Hamburger Hamlet in Pasadena will close its doors at 10 p.m. tonight. Tomorrow, the location will be taken over by Du-Par’s, and there will only be one Hamburger Hamlet left from the original Sherman-Oaks chain.
I’m still in deep mourning over the loss of the Sunset Strip location on December 17, 2011. I was there for its last day and plan on saying farewell to the Pasadena location in person on Thursday, too. I feel it’s my duty as an Angeleno because the Hamlet has been such a big part of Los Angeles culture, and since it helped shape my childhood.
Nothing pained me more then saying goodbye to the West Hollywood neighborhood hangout. It was where you bumped into celebrities and industry moguls in a casual environment, dining in darkly lit giant red leather chairs. But there was nothing casual about the clientele. Where else could you see Dean Martin sipping a martini at the bar, Lucille Ball hair spraying her red locks in the ladies room, Bette Davis chain smoking in the Tap Room, or Frank Sinatra taking a meeting with his publicist? I witnessed all of this first hand. Even the restaurant’s hostess, actress and singer Frances Davis, who was once married to Miles Davis, would occasionally burst into song and dance while taking you to your table. I remember Francis and Diahann Carroll discussing chord progressions in the lobby. It was great eavesdropping. For me, it was also a home away from home. At times the Hamlet felt like an extended room of our house. Raised a few blocks away, I had my 10th birthday party in the main dining room, and my high school graduation dinner in the Tap Room. After the sudden passing of my father in 2009, Hamburger Hamlet was the first place my mother and I ran for comfort.
Speaking of comfort let’s get to the food. I have never had a bad meal or lousy service at the chain. The legendary menu pleads, “Eat the sides I pray you.” The fried zucchini plate is referred to as “zircles,” the hash browns filled with Lavish sour cream are “Those Potatos,” and the signature “Marilyn Burger” is named after owner Marilyn Lewis. But the most popular dish is their lobster bisque, and it is known around the world.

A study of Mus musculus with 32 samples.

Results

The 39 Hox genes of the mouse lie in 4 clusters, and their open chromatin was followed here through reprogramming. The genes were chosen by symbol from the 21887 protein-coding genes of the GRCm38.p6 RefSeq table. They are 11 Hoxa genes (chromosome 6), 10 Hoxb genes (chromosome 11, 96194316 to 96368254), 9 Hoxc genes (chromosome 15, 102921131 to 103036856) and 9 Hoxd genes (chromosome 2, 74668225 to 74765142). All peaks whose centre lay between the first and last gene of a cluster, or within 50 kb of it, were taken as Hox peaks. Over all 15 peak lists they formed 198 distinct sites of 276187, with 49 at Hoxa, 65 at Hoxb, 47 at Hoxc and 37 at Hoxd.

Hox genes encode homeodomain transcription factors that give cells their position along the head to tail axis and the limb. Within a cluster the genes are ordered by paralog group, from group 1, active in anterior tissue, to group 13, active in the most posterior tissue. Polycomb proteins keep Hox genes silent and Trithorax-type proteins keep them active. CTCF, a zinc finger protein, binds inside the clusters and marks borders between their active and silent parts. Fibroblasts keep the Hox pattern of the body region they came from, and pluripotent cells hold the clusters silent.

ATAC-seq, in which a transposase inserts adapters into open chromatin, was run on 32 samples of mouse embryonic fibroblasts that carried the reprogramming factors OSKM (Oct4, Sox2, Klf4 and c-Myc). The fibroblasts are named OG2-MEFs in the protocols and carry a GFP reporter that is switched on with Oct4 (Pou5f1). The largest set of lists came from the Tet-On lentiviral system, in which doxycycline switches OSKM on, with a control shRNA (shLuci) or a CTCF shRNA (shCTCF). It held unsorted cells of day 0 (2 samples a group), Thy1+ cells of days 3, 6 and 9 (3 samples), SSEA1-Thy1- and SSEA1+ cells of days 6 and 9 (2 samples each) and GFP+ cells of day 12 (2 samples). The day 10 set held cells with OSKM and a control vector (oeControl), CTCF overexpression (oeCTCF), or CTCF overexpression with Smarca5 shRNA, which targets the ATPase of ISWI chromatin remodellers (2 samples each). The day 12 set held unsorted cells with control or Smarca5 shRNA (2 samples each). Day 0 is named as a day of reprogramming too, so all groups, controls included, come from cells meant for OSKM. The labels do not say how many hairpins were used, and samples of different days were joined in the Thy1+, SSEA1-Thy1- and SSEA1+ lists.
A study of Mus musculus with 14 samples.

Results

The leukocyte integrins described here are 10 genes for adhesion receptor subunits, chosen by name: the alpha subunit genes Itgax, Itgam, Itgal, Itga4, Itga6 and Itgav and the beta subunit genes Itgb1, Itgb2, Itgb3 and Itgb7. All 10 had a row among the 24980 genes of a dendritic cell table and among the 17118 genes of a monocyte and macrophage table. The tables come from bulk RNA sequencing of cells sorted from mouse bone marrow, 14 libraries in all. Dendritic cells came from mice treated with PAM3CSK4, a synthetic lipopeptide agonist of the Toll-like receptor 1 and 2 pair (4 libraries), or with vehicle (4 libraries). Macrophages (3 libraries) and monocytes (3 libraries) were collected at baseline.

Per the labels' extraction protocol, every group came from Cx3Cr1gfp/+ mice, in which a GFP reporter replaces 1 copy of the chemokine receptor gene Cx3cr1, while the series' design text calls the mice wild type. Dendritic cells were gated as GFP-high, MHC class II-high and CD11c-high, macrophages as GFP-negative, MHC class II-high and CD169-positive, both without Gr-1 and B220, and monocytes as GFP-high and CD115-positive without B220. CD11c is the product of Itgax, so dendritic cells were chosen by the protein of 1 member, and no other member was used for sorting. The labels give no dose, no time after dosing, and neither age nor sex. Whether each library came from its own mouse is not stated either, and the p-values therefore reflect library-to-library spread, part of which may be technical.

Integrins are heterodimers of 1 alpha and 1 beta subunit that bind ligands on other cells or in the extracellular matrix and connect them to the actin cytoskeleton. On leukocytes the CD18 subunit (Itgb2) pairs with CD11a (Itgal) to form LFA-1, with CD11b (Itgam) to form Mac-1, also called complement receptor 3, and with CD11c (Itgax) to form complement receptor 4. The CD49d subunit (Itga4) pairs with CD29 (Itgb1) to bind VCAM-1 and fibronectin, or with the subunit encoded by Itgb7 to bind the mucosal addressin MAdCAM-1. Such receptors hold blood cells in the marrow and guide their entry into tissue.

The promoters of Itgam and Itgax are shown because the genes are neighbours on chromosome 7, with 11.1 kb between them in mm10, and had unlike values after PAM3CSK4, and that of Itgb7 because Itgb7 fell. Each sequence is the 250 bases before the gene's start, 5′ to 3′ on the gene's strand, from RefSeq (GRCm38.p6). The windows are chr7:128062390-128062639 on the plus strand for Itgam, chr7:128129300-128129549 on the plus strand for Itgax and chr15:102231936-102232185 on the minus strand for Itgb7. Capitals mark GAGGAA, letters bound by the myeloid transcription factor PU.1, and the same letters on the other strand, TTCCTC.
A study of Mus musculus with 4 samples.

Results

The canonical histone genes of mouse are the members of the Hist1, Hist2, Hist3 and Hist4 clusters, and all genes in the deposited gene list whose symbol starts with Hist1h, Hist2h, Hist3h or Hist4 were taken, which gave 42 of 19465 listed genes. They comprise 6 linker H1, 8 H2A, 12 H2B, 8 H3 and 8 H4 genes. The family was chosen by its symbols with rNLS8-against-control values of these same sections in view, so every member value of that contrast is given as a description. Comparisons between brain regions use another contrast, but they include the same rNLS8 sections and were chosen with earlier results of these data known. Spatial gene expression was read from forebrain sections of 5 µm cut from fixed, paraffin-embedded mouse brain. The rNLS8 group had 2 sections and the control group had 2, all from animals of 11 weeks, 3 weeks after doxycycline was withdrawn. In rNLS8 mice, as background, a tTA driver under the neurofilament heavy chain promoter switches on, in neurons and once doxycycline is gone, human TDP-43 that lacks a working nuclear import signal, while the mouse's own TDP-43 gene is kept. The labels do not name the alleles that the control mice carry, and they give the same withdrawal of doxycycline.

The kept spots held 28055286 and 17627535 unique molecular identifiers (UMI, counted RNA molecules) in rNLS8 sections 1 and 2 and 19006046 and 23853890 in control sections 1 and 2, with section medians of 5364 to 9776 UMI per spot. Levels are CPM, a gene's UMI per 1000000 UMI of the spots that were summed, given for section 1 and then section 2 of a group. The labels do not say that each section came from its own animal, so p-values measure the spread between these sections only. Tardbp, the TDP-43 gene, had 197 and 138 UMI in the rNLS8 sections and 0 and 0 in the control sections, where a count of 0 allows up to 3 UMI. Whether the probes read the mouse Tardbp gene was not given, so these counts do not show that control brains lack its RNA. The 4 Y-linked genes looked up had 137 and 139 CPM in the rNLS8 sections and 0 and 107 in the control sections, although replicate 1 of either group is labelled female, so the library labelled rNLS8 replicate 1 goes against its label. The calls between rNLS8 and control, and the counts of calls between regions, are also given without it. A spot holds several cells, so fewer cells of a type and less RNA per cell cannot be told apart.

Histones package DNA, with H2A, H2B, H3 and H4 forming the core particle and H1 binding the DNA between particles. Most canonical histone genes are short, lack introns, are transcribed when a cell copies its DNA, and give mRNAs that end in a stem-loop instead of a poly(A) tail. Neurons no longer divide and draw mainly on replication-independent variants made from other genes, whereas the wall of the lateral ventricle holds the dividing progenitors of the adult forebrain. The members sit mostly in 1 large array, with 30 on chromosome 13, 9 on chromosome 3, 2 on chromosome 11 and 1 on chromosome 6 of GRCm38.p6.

Some may remember the Hamlet’s very first location near the Whisky A GO GO. It was opened by Harry and Marilyn Lewis. Their son Adam tells me, “all people who knew Dad remember him as friendly, loving, kind. And he was all that.”
A contract player for Warner Bros in the 40s, Harry is better remembered for Key Largo, which he stared in with Humphrey Bogart, Edward G Robinson, Lauren Bacall, and Claire Trevor (who won Best Supporting Actress for her role in the film) than he is for his chain of restaurants. The film came out in 1948 and by ’49, the House Un-American Affairs Committee was going after the movie business. Fewer films were released during that time and the studio system with contract players went away. In other words, Lewis could no longer earn a regular weekly paycheck doing what he loved so he made another plan.
According to Adam, the idea of operating a restaurant for actors made a lot of sense to Harry. “When he met my mother, she drove that idea to reality,” he says. Hamburger Hamlet arrived in 1950. The family sold the chain in 1987 for $33 million, then went on to open Kate Mantilini in Beverly Hills. Today, that restaurant is operated by Adam and his brother. James Lauver, a waiter who worked at the Hamburger Hamlet on Sunset from 1977 until it closed, then went to work at Kate Mantalini in 2011. “The Hamlet was like a country club without the monthly membership,” he remembers. “I waited on everyone from Danny Thomas to Florence Henderson to Mel Brooks.”
Like Lauver, many Hamlet staffers have been able to keep their jobs despite location closings. I’m told the Pasadena crew will be staying on after Du-Par’s takes ownership of the property at the end of the week. Unfortunately, the retro décor will not survive. As far as what’s to come for the Sherman Oaks location, I will keep you posted. The unfortunate fate of the Pasadena outpost gives me one more reason to patronize it and Kate Mantilini.
Alison Martino is a writer, television producer and personality, and L.A. pop culture historian. She founded the Facebook page Vintage Los Angeles in 2010. In addition to CityThink and VLA, Martino muses on L.A’s. past and present on Twitter.